CPAP, which stands for ‘continuous positive airway pressure,’ is recognized by many as the ‘preferred treatment for obstructive sleep apnea.’ In other words… in the world of snoring treatments, with obstructive sleep apnea being the ‘worst of the worst’ as far as conditions involving snoring are concerned… CPAP is the number-one gun that is used to help defeat it.
CPAP technology is harnessed through a machine, called a CPAP machine. This machine builds up positive pressure, and delivers it to the airway via a mask. This mask must be worn while the user is asleep to benefit him or her, and delivers a steady stream of positive pressure to help keep the airways open while the muscles and tissues of the soft palate are relaxing.
But is CPAP really as good a treatment as everyone says? If so, then why does it seem to get such a bad rap online?
Here is what you need to know.
How Is A CPAP Machine Meant To Work?
So the concept behind the CPAP machine is pretty simple. Most cases of snoring (as well as most cases of obstructive sleep apnea) are caused by a phenomenon known as soft palate vibration. This happens when the soft tissues and muscles in the back of the throat relax and ‘collapse in’ on the airway. This either restricts or completely blocks the airway, and can lead to either a vibration of the tissue as the air moves through while breathing (resulting in snoring), or a complete halt in the movement of air altogether (resulting in an ‘apnea’).
But CPAP machines help to treat this problem by increasing the air pressure in the airway. The CPAP machine creates positive air pressure, and feeds this into the airway via the mask that is worn while the user sleeps. This increase in air pressure ‘pushes back’ against the collapsing walls of the soft palate – thus creating more room for the air to move through, and helping to solve (or at least minimize) the snoring/sleep apnea problem.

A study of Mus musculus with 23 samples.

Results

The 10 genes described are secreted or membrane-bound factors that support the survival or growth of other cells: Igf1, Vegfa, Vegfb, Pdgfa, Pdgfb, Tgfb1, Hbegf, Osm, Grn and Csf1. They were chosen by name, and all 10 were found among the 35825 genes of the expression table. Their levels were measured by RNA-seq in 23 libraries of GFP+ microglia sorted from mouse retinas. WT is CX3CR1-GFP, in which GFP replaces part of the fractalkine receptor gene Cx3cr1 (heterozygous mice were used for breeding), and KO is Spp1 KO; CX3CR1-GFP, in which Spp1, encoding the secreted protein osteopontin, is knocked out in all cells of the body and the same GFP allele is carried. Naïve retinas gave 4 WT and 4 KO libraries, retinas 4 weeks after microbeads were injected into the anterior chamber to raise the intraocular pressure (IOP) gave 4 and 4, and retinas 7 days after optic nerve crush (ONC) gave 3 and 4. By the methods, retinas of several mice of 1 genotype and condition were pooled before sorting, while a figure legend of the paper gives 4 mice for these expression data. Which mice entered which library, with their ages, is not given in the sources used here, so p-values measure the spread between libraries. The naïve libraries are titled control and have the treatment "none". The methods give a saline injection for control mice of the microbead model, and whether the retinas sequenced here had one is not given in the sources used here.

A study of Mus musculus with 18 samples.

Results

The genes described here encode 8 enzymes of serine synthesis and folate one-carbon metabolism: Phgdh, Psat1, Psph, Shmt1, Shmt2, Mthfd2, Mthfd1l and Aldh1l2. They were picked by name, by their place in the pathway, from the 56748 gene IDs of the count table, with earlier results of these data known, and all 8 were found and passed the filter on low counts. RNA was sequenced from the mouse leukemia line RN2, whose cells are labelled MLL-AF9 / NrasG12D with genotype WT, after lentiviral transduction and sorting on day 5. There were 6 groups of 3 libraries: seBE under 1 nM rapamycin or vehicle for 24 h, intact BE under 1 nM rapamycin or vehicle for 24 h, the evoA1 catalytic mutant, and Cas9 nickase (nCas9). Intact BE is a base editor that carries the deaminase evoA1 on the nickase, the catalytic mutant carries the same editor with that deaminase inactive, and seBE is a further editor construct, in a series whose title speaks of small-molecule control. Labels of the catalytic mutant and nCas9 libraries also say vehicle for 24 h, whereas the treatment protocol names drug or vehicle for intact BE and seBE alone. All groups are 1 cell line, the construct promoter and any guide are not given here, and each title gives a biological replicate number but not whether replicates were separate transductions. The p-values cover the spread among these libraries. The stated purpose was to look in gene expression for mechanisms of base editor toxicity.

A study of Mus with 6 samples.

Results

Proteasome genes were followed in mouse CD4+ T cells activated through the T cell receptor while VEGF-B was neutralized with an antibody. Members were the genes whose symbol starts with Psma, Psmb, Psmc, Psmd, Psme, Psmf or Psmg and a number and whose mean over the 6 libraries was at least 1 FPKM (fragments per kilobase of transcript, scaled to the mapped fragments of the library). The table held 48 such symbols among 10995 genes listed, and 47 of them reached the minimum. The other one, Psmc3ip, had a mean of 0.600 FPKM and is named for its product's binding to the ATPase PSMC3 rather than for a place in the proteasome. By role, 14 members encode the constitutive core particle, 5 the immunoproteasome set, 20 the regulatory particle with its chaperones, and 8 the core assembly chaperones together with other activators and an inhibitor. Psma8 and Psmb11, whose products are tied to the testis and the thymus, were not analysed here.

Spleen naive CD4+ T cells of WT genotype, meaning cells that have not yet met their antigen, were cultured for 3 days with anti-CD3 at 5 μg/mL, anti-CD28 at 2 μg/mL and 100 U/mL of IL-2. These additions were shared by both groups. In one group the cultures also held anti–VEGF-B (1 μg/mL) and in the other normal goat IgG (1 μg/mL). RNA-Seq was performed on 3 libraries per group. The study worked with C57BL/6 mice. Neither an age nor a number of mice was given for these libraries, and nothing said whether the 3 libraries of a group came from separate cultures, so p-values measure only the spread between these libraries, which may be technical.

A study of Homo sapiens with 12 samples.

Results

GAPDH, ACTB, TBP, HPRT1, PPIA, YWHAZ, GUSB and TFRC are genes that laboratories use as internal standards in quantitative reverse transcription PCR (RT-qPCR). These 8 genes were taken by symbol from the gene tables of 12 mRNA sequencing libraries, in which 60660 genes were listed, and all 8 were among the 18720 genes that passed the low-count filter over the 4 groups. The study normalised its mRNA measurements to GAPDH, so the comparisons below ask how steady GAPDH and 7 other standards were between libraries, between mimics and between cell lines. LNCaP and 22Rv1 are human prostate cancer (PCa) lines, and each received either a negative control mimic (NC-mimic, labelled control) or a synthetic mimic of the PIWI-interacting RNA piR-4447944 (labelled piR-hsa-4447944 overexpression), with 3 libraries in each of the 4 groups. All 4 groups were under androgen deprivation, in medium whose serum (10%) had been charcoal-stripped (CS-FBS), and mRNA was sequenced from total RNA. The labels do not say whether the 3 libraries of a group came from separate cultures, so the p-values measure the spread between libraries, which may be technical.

That is the idea behind CPAP machines and how they treat snoring.
Do We Believe That This Method Works?
CPAP machines are one of the best tools we have in the fight against sleep apnea. They are also, by default, very good at helping to treat snoring.
But they are also not without their downsides.
Yes, CPAP machines work… but did you know that the US National Library of Medicine stated, in a recent report, that only 30 to 60 percent of CPAP users actually use their machine every night?
This might seem strange to think about – but it is true. The rest of CPAP users either use their machines very sporadically, or not at all.
But why? Why would users forgo the machine that could help them to sleep better when that machine is literally sitting right next to their bed?
The answer, unfortunately, is hiding in plain sight. In order to use a CPAP machine, you must wear a mask – which is not only invasive, but also pretty labor-intensive. And for some people, it is even embarrassing… so that is a negative thing as well!
We do like CPAP machines because they have been proven to help with both snoring and sleep apnea – but before they can be useful, they need to be used regularly. And therein lies the greatest problem with CPAP therapy.
Who Should Use This Type Of Product, And When?
Anyone who gets a sleep study and is diagnosed with obstructive sleep apnea could use a CPAP machine. There is obviously no one-size-fits-all to medicine, but this is the preferred treatment for OSA, and for good reason.
You will need to use the device every night, however, if you wish to see results.
Who Should Avoid Using This Type Of Product?
You should not use CPAP if you have not had your sleep apnea diagnosed by a doctor. You should also not use a CPAP machine unless it has been adjusted by a licensed technician. People with really severe allergies may not be able to get comfortable with the device, and people with very sensitive skin might develop too much irritation where the mask sits against the face to really be able to use it effectively.
If you feel that you may be suffering from obstructive sleep apnea, then you should most definitely talk to your doctor about the possibility of using CPAP to treat it. He/she will know whether or not you may make a good candidate for this remedy. It really does work, and despite its downsides, it is one of the best tools at our disposal in the fight against obstructive sleep apnea and the debilitating long-term effects that the disorder can have on your life.